Europe Enjoys ‘shutdownfreude’ Over U.s. Debt Troubles

Diageo Plc (DGE.L), the world’s biggest spirits company, reported a 3.1 percent rise in sales for its first quarter, ended on September 30. While sales rose 10.9 percent in Latin America and the Caribbean, 5.1 percent in North America, they grew only 1.3 percent in Africa, Eastern Europe and Turkey and 0.6 percent in Asia Pacific – markets whose growth drinks firms have been relying on as austerity-hit Western Europe struggles. Sales in Western Europe fell 1.1 percent. Several analysts said Diageo’s results were below consensus expectations for an overall sales rise of 4 percent. Investec analyst Martin Deboo said the results for Diageo, were maker of Johnnie Walker whisky and Smirnoff vodka, fitted his sell thesis – “that emerging markets are set to make life difficult for Diageo for a while”. Both Diageo and France’s Remy Cointreau (RCOP.PA) cited a Chinese government crackdown on gift-giving as a drag on sales there. Remy, which generates about 40 percent of its operating profit from cognac sales in China, said wholesalers were reducing inventories after sales fell short of expectations during the Chinese New Year. The maker of Remy Martin cognac, Cointreau liqueur and Mount Gay Rum said revenue declined 5.3 percent on a like-for-like basis to 294.4 million euros (247 million pounds) in the three months to September 30, its second quarter, compared with a 2.3 percent decline in the previous quarter. Sales of Remy Martin cognac fell 8.3 percent like-for-like, compared with a 12.9 percent slump in the first quarter, and the firm said China would continue to weigh on sales in the coming months. A recent weakening of various currencies against the U.S. dollar has also hit results. Diageo, which made a net profit of 2.59 billion pounds in the year to June 30, said that, based on spot rates, foreign exchange factors would reduce 2014 operating profit by 165 million pounds. Meanwhile brewer SABMiller Plc (SAB.L), maker of Peroni and Grolsch beers, reported net revenue rose 6 percent in its second quarter, after a 2 percent rise in the first. Sales rose 4 percent in Latin America, 3 percent in North America, 12 percent in Africa, and 5 percent in Asia Pacific, but were flat in Europe. “We see this as a solid result in tough market conditions,” said Numis Securities analyst Wyn Ellis.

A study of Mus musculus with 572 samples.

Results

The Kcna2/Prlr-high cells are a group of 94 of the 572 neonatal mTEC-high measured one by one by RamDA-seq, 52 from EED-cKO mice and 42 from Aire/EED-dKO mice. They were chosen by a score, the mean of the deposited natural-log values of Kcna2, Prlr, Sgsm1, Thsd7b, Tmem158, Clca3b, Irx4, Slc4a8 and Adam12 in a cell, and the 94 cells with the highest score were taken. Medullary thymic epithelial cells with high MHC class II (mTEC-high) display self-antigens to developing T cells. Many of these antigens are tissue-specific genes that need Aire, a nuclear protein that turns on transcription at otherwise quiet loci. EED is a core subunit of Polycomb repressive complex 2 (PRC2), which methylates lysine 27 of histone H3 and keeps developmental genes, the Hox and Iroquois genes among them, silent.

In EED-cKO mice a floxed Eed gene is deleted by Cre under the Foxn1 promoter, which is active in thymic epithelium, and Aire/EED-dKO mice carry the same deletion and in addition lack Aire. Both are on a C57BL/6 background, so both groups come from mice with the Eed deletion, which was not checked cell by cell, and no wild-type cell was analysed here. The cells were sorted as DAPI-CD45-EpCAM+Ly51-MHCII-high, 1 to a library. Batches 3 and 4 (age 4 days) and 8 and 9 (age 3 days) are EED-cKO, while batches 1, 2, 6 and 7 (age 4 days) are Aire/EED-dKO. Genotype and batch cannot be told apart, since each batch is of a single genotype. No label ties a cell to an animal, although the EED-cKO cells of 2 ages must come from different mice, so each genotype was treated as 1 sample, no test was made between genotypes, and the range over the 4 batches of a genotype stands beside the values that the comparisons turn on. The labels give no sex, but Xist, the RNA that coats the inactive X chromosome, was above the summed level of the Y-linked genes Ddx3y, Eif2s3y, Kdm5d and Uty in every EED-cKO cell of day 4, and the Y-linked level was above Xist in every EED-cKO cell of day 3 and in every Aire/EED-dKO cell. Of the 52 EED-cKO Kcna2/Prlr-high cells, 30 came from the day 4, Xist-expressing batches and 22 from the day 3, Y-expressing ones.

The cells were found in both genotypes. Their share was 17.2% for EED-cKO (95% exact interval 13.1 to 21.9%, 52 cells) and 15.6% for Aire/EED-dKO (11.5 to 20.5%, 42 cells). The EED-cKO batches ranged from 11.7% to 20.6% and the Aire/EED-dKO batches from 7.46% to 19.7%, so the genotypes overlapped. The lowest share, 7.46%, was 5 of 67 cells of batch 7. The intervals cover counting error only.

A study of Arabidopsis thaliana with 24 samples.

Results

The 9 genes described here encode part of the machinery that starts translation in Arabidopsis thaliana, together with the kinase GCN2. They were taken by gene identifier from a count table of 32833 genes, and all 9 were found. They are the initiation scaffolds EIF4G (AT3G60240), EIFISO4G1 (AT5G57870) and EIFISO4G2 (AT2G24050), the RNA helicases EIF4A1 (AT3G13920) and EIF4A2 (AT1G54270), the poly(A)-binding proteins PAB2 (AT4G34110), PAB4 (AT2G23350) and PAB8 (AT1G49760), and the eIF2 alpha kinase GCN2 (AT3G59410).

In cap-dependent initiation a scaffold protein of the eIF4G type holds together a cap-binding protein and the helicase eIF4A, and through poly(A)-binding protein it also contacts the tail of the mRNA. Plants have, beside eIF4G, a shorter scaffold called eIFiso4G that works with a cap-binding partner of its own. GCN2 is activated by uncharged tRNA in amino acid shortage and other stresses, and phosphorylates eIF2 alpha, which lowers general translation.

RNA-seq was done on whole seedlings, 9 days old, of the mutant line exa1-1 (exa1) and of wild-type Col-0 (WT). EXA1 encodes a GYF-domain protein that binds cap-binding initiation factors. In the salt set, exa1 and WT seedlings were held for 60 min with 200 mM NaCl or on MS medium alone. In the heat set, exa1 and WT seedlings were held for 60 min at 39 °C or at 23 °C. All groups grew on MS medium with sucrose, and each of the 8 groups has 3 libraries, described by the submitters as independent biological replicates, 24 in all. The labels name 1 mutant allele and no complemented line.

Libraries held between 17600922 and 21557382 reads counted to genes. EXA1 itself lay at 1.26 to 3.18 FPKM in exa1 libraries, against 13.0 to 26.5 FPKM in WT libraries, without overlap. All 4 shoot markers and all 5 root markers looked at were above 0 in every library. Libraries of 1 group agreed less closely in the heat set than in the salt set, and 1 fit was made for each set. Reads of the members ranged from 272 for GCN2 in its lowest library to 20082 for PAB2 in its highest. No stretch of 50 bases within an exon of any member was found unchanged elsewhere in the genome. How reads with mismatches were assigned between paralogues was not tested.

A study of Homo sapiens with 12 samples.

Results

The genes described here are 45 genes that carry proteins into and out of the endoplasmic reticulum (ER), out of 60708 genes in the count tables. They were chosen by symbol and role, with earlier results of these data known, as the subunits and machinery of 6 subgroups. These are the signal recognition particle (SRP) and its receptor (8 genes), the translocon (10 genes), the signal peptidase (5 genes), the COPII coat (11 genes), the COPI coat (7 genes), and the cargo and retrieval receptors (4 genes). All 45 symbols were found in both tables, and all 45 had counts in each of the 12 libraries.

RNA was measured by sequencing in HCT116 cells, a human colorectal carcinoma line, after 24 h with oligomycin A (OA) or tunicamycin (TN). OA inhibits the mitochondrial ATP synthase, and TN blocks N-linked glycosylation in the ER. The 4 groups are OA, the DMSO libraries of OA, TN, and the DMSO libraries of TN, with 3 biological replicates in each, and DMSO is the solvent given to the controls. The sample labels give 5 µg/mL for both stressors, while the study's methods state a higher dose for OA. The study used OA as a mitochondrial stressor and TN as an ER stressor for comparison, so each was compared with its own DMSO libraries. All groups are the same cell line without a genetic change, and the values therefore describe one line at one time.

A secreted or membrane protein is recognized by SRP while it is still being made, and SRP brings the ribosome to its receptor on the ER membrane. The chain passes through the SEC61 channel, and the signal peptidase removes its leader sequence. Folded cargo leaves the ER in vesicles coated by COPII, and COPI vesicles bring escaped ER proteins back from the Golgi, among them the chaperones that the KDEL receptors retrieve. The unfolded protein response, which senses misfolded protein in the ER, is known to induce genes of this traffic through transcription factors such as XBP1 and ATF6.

Where is the reaction of the rating agencies to the irresponsible behavior of the worlds biggest economy? Mr. Fahrenschon, a former Bavarian finance minister, asked the crowd. Even in Europe, theres a tradition of parliaments struggling to seal a budget deal, Mr. Fahrenschon said, harvesting a round of applause. But in Europe it is good form that contracts that have been made salaries and social benefits are still serviced even in a period without a budget. Mr. Fahrenschon was speaking before Fitch Ratings Service put the U.S. credit rating on negative watch and warnedthat the governments failure to honor interest or principal payments on U.S. Treasury securities would trigger a downgrade to restricted default. But Mr. Fahrenschon was demanding harsher treatment than the one set out in the Fitch warning. Government finances in the U.S. were systemically and qualitatively different from Europe, he said, because by not paying salaries and benefits the government was already reneging on the social contract it had entered with its citizens. I believe that a budget that cannot guarantee that commitments that have been made are followed through has to be evaluated differently, he said. *Massive h/t to Oliver Grimm , U.S.

Europe faces new wave of oil refinery extinctions

“Cheap gas is making a huge difference to the profitability of U.S. refining industry. The loser is Europe. It has to be. There is no consolidation going on and no great consolidation hope,” Torbjorn Tornqvist, chief executive officer of trading house Gunvor told the Oil & Money conference this month. Diesel imports from Russia, Asia and the U.S. Gulf Coast reached a record 4 million tonnes in September, according to traders. “The trend of U.S. exporting products is going to continue, you’re going to see diesel coming from the United States to Europe for the foreseeable future,” the head of Glencore’s oil division Alex Beard said this month. 2013 may go down as one of the weakest in recent decades, as refining margins in the third and fourth quarter plummeted due to high crude costs and weak product demand. Total, Europe’s biggest refiner, said refining margins in the region had dropped to a near four-year low of $10.6 per tonne in the third quarter. Other than the old, simple East European refineries, plants in coastal areas such as Italy that are easily accessible for importing remain the most vulnerable. This year was set to go down as one of the worst for the European refining industry, with refinery utilisation slipping down to around 78 percent in 2013, according to JBC. The path taken by the Mantua refinery is not new. Last year, TotalErg, a joint venture between France’s Total and Italian refiner ERG, converted its 90,000 bpd refinery outside Rome to a storage hub.